Feet and leg care for diabetics

Posted on 17 October 2013

Statistics show that, as a diabetic, if you don’t take care of your feet and legs, and you have a major limb amputation, 50% of patients will have their other limb amputated within two years. Brandon Maggen, a podiatrist working with Mediclinic Milnerton, has this advice.

Why do diabetics need to take care of their feet and legs?
Diabetes is a disease that, if left unattended or untreated, manifests in numerous symptoms that can be debilitating and cruel. One of the most common of these is the set of symptoms that appear and effect the feet and lower limbs. These include a range of nerve and circulation issues, as well as bone and joint pathologies that can dramatically affect your quality of life.

What are the most common ailments to affect a diabetic’s feet and legs?
The ailments seen too regularly in diabetics’ feet and legs include:
•    Vascular insufficiencies, like varicose veins.
•    Swelling of the feet and ankles.
•    Numbness and/or tingling of the toes, feet and legs.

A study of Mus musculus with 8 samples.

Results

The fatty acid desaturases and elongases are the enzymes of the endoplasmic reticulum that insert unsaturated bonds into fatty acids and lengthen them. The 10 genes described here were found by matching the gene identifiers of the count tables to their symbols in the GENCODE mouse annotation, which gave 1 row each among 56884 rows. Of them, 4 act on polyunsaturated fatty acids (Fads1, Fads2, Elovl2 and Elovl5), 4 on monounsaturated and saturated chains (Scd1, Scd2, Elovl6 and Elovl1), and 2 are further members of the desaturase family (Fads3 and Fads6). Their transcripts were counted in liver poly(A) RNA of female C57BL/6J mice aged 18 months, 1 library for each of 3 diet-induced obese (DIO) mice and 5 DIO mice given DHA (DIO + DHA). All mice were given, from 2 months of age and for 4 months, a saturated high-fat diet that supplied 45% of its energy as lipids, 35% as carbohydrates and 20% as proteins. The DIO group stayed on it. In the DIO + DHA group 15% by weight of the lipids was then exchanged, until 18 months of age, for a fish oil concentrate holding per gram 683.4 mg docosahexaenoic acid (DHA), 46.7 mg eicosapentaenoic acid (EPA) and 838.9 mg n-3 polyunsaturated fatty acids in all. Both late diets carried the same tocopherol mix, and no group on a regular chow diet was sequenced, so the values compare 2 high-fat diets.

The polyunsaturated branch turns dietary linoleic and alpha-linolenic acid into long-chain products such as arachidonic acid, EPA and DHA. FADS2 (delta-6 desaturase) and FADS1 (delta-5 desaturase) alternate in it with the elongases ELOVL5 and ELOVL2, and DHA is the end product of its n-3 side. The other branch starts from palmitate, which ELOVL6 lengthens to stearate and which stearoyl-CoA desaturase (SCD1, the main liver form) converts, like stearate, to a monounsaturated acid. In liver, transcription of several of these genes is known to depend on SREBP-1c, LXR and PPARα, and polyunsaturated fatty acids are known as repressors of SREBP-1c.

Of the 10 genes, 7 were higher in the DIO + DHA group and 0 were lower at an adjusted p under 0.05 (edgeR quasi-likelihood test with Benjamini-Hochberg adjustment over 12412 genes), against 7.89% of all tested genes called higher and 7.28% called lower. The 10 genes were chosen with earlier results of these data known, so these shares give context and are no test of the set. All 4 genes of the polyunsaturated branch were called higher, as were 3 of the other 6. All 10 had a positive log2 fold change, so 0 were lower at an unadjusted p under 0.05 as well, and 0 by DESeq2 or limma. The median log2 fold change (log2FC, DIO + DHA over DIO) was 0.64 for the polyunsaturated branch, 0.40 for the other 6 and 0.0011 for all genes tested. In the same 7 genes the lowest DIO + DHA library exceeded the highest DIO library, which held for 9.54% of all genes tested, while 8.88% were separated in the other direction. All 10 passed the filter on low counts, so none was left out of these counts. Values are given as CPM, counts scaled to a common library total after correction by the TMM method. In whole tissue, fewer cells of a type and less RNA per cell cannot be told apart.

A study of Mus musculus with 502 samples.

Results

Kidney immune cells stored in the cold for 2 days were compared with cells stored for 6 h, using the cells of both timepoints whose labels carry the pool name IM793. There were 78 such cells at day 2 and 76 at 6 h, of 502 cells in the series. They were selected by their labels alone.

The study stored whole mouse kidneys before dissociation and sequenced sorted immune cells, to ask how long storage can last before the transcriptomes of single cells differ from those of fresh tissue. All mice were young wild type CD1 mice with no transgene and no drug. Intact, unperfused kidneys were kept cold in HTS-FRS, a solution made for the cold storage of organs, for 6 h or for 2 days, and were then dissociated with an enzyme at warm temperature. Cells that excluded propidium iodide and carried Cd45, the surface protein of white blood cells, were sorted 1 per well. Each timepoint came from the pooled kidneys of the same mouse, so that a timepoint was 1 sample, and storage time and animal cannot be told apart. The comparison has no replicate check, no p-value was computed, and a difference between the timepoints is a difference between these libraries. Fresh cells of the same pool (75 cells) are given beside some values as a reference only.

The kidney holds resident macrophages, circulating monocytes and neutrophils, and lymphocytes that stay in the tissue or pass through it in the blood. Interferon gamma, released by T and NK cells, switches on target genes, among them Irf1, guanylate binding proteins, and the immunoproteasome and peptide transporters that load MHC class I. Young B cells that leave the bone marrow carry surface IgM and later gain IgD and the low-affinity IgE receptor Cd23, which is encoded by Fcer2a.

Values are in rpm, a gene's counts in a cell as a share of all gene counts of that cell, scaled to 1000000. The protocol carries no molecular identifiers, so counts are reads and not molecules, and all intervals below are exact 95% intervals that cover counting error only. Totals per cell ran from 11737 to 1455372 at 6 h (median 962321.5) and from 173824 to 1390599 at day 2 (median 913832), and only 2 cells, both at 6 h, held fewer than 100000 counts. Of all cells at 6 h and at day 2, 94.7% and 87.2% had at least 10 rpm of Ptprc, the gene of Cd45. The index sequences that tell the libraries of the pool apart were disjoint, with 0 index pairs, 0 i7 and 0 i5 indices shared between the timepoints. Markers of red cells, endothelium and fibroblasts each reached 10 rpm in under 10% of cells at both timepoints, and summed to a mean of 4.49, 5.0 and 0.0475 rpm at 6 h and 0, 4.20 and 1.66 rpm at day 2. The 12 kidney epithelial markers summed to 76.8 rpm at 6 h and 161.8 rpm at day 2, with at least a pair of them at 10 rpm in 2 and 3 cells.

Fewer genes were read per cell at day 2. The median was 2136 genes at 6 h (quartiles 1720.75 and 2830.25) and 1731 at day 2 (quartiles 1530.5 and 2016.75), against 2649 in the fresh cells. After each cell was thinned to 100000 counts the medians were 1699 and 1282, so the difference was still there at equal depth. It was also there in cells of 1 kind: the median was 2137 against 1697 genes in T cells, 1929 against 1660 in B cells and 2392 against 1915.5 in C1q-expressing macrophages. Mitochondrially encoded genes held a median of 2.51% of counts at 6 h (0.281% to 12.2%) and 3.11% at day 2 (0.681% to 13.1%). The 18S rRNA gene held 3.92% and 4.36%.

•    Restless leg syndrome.
•    An odd feeling of constriction, or as if you’re walking on sand or eggshells.
•    Skin and nail changes, including fungal infections, cracked heels, callouses, dry skin and leg ulcers (sores).
•    Deformity of the bones and the normal architecture of the foot.
•    Temperature changes of the feet and/or limbs.

It’s universally accepted that, at the time of diagnosis, diabetes has probably been present for about 10 years already! The quicker sugar control is achieved and maintained, the more likely symptoms will cease and improve.

What are the symptoms to watch for with each of the ailments mentioned above?
In general, any changes to the feet and lower legs should be dealt with as suspect until proven otherwise. Patients should literally inspect their feet daily for areas of change. These include: redness, swelling, pain, numbness, tingling, ulceration, heat/cold, deformity, fissures, corns, callous, ingrown nails, fungal infections, etc. It’s vital to note that numbness sets in gradually, with most patients unaware that their feet are numb. So physically looking and feeling (or using a mirror to do so), is pivotal for early detection. Remember to look between all the toes too.

How often should diabetics visit a podiatrist for treatment?
As a rule, twice a year, but if there are any risk factors present, sooner and more often until that risk has abated.

If you ignore feet and leg care as a diabetic, what’s the worst-case scenario?
Diabetes is a cruel disease. If a patient ignores their feet, then gangrene and amputation is imminent. But first is deformity, then ulceration and infection with cellulitis, then loss of sensation and circulation – which means a loss of normal gait, then gangrene, then amputation. At the same time they’re going blind, their kidneys are failing and they have numerous cardio-vascular complications.